Why were the Victorians obsessed with death?
When you consider the Victorian era, it seems to be associated with death, torment and straight up creepiness. Victorian society was so obsessed with death that it is regarded to have had its own death culture, separate to what was just traditionally British in the years prior and the years following the era.
The Victorians are famed for glamorising death and murder. When it came to the infamous serial killer Jack the Ripper, British newspapers chose to create a sense of fantasy around his terrible crimes which filled the air with a strange mix of fear and excitement. The way the papers reported on it made it appear like a weekly story which the public could follow.
As a society, the Victorians had an outwards and dramatic way of displaying grief and a particular etiquette and rituals for coping with death. Some rituals were originally put in place to make sure people were no buried alive. The period of time which was waited out before burial was extended in the Victorian era because of this fear which meant that people spend more time with the corpse. It was tradition to bury a person with a string attached to a bell which was above the ground by which they could ring for help – an assigned person would watch the grave for an amount of time.
Exposure to Death
There are plenty of reasons which could be given to answer as to why Victorians appeared to be obsessed with death. Without modern medicine, it is safe to say they were surrounded by death much more than we are today. In fact, the average lifespan was half of what it is today in the UK. With people dying regularly and usually dying in the home, people were more exposed to the horrors of death without medical aid.
Today, we tend to separate the home from death and most people die in a hospital or in a hospice. Back then, death looked them right in the face more often than we can imagine – especially with the larger families they had back then coupled with poor living conditions and lack of medical resources.
The Influence of Queen Victoria
As you may be aware, Queen Victoria became obsessed with death following the death of her beloved husband, Prince Albert, died at the young age of 42. Victoria dedicated the next 40 years of her life, until her own death, to wearing only black and remaining in a state of public mourning. Interestingly, she appeared to be in denial as she requested that her servants still lay out Alberts clothes just as they did during his lifetime.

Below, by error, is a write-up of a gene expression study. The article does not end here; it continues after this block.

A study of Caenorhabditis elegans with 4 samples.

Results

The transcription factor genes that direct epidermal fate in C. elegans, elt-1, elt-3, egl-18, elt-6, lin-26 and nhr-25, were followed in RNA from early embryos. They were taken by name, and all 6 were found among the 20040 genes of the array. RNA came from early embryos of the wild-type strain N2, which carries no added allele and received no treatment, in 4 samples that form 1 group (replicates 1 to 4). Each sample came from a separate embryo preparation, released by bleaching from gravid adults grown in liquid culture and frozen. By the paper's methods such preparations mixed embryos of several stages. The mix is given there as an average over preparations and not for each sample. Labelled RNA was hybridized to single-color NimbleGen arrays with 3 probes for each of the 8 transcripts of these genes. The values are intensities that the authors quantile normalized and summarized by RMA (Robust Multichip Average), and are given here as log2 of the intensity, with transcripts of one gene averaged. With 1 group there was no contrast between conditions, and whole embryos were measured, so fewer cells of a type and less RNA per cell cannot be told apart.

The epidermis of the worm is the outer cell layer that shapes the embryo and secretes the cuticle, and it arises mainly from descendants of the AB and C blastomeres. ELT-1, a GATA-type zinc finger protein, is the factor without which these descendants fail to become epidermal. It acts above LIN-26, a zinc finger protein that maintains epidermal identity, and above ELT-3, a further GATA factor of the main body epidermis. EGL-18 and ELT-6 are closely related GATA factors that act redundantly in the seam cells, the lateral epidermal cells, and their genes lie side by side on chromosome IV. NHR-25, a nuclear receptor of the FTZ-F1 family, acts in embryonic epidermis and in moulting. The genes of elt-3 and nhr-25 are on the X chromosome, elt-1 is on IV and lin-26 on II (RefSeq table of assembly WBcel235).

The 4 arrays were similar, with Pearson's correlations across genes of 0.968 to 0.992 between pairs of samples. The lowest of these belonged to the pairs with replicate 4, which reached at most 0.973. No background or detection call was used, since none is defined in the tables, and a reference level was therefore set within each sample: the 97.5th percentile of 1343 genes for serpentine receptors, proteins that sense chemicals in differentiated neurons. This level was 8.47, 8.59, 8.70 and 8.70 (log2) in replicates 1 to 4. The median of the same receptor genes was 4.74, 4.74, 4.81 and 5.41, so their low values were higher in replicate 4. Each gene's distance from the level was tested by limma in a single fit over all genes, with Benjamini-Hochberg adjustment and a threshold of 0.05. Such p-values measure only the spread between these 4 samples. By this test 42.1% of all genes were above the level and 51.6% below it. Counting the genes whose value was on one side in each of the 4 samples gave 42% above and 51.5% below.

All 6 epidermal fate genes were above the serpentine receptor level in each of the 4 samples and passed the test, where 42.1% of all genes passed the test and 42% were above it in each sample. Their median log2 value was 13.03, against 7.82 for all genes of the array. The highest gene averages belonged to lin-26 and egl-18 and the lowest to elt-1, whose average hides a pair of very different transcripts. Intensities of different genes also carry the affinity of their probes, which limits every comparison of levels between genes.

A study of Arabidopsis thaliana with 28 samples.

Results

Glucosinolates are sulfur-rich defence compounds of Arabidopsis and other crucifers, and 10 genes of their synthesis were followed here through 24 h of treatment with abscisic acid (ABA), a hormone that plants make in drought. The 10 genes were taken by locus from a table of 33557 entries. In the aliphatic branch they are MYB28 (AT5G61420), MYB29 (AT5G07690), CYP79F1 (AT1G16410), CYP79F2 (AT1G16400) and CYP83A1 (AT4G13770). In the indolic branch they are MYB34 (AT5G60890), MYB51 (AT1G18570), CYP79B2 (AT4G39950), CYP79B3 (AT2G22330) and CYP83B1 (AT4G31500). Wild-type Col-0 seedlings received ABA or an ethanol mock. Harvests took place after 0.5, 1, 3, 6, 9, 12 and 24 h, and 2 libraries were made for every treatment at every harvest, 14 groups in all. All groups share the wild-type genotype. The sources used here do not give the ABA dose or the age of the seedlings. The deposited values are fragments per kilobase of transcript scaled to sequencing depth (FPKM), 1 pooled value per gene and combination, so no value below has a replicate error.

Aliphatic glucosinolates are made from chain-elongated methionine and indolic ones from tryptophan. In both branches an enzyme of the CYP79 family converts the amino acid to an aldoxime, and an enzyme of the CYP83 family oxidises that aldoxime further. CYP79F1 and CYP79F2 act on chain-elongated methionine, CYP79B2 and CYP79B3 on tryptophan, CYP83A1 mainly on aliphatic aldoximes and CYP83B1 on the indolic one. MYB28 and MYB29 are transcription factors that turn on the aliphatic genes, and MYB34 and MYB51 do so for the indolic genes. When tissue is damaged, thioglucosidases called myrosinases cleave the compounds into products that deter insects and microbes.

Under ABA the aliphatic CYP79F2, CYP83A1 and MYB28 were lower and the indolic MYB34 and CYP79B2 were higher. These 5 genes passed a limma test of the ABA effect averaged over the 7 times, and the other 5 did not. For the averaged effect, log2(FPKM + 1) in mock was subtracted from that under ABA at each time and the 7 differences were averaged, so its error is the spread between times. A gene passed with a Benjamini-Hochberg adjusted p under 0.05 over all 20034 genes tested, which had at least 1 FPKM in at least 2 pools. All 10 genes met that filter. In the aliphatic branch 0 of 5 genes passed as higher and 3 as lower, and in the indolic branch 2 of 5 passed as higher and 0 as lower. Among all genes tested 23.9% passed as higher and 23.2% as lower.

The mourning rituals stemming from Victoria influenced the etiquette associated with death and funerals all across the world, not just only in Britain.
If we look back at the Victorian era, mourning and grief are mainly associated with women. Women were expected to wear black attire for a period of up to two years after the death of a family member – some women, like Victoria, chose to wear black until their own death if they were widows.
As well as dressing in black, women were to withdraw themselves from society and not participate in any kind of festivities. Their mirrors were covered and the piano was locked so that no music could be played or enjoyed. The door knocked was draped with black lace and many of the household items were also draped in black.
This all seems highly inconvenient, but the obsession with death could continue to manifest through the expectations placed on women. Whilst men did mourn, they were not expected to perform rituals or withdraw themselves from society because men needed to continue their everyday lives in order to provide for their family. Therefore, the patriarchy is a factor in how it was possible for the Victorians to find themselves so obsessed with death.
Keeping the dead alive
It was not uncommon for Victorians to decorate their home with pictures of the deceased and have their possessions displayed around the family house.
In a desperate attempt to keep as much they could about the deceased alive, Victorians even went to the extent of having photos taken of the family with the dead body propped up to appear as if the person was still alive.
As well as wearing the traditional black dress, (female) mourners often wore lockets with the hair or even a tooth of the deceased inside it. It was also common to have bits of hair turned into jewellery.
In the actual funeral service, glass-top coffins became popular and the procession could view the corpse before it was buried.
In today’s world, the cost of a funeral is becoming very high and it is only increasing. The best way to avoid paying out of the nose is to opt for a prepaid funeral plan. It basically freezes today’s price, which is what you will end up paying regardless of the price of a funeral at the time.